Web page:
Defining the Geopolitics of a Thirsty WorldSM
The Thirsty Dragon and Parched Tiger: The Imbalance of the Asian Water Tower

Via Nature, an abstract on a new research paper on the Third Pole:

The Hindu Kush–Karakoram–Himalayan system, named the Third Pole because it is the largest global store of frozen water after the polar regions, provides a reliable water supply to almost 2 billion people. Marked atmospheric warming has changed the balance of this so-called Asian water tower and altered water resources in downstream countries. In this Review, we synthesize observational evidence and model projections that describe an imbalance in the Asian water tower caused by accelerated transformation of ice and snow into liquid water. This phase change is associated with a south–north disparity due to the spatio-temporal interaction between the westerlies and the Indian monsoon. A corresponding spatial imbalance is exhibited by alterations in freshwater resources in endorheic or exorheic basins. Global warming is expected to amplify this imbalance, alleviating water scarcity in the Yellow and Yangtze River basins and increasing scarcity in the Indus and Amu Darya River basins. However, the future of the Asian water tower remains highly uncertain. Accurate predictions of future water supply require the establishment of comprehensive monitoring stations in data-scarce regions and the development of advanced coupled atmosphere–cryosphere–hydrology models. Such models are needed to inform the development of actionable policies for sustainable water resource management.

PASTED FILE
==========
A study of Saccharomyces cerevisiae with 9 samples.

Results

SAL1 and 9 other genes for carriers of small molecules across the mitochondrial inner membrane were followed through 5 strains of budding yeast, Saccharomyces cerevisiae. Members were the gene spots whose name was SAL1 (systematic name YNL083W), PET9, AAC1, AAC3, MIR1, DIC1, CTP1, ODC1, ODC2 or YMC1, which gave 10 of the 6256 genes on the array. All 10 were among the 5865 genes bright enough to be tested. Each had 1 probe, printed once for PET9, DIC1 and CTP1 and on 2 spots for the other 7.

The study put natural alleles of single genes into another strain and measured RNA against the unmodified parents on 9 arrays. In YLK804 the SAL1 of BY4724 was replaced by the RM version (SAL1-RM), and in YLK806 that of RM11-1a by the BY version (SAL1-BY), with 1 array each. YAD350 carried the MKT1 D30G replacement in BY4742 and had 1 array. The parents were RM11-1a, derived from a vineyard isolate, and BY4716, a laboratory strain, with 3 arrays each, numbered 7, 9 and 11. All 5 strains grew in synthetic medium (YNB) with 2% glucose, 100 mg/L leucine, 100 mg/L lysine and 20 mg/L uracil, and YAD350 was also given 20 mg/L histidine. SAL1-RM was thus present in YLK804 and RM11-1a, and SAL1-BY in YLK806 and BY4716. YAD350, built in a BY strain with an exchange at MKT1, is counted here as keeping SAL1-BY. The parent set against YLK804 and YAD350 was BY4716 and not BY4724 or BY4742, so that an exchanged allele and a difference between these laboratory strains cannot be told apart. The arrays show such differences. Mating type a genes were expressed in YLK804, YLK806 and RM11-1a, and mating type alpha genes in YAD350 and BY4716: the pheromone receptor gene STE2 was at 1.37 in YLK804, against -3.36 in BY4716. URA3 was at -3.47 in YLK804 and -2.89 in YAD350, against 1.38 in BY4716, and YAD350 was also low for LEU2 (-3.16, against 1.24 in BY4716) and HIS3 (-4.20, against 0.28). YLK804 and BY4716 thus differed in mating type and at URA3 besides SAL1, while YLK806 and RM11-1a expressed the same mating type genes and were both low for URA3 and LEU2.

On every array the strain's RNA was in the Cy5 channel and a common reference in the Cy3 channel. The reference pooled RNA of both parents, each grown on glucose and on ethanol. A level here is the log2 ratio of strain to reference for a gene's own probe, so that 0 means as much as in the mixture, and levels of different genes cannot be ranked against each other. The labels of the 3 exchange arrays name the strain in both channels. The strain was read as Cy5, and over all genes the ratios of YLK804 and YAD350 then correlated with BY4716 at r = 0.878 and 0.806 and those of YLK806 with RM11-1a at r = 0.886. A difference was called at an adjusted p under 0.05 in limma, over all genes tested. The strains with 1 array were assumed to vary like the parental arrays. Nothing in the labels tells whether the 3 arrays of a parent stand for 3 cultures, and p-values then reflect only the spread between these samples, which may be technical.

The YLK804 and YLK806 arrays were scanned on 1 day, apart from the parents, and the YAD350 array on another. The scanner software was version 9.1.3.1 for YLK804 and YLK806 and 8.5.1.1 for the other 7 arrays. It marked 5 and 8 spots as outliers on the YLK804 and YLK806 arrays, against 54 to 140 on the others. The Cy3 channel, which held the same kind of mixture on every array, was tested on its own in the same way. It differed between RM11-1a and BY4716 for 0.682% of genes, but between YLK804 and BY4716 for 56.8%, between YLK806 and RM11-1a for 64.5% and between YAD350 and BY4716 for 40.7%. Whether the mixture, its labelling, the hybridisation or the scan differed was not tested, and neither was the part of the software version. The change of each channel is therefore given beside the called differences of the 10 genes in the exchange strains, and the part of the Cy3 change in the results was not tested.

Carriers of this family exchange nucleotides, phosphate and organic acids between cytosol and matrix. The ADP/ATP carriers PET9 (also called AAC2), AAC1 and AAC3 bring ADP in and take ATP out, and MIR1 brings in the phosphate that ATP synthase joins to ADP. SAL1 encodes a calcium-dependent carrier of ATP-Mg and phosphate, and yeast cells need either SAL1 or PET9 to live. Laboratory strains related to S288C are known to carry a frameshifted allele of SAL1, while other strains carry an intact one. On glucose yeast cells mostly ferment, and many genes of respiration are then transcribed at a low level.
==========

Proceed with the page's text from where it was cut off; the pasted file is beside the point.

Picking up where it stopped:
Key points

  • During 1980–2018, warming of the Asian Water Tower (AWT) was 0.42?°C per decade, twice the global average rate.
  • Annual precipitation in the AWT increased by 11?mm per decade in endorheic basins and 12?mm per decade in exorheic basins, despite decreased precipitation in some large river basins.
  • From 2000 to 2018, total glacier mass in the AWT decreased by about 340?Gt whereas total water mass in lakes increased by 166?Gt.
  • Changes in the westerlies and the Indian monsoon led the AWT to develop an imbalance characterized by water gains in endorheic basins and water losses in exorheic basins.
  • Ubiquitous increases in precipitation and river run-off are projected in the future of the AWT; however, these changes cannot meet the accelerating water demands of downstream regions and countries.
  • Comprehensive monitoring systems, advanced modelling capacity and sustainable water management are needed to develop adaptation policies for the AWT through collaboration between upstream and downstream regions and countries.


This entry was posted on Wednesday, July 20th, 2022 at 4:04 am and is filed under China, India, Tibet.  You can follow any responses to this entry through the RSS 2.0 feed.  Both comments and pings are currently closed.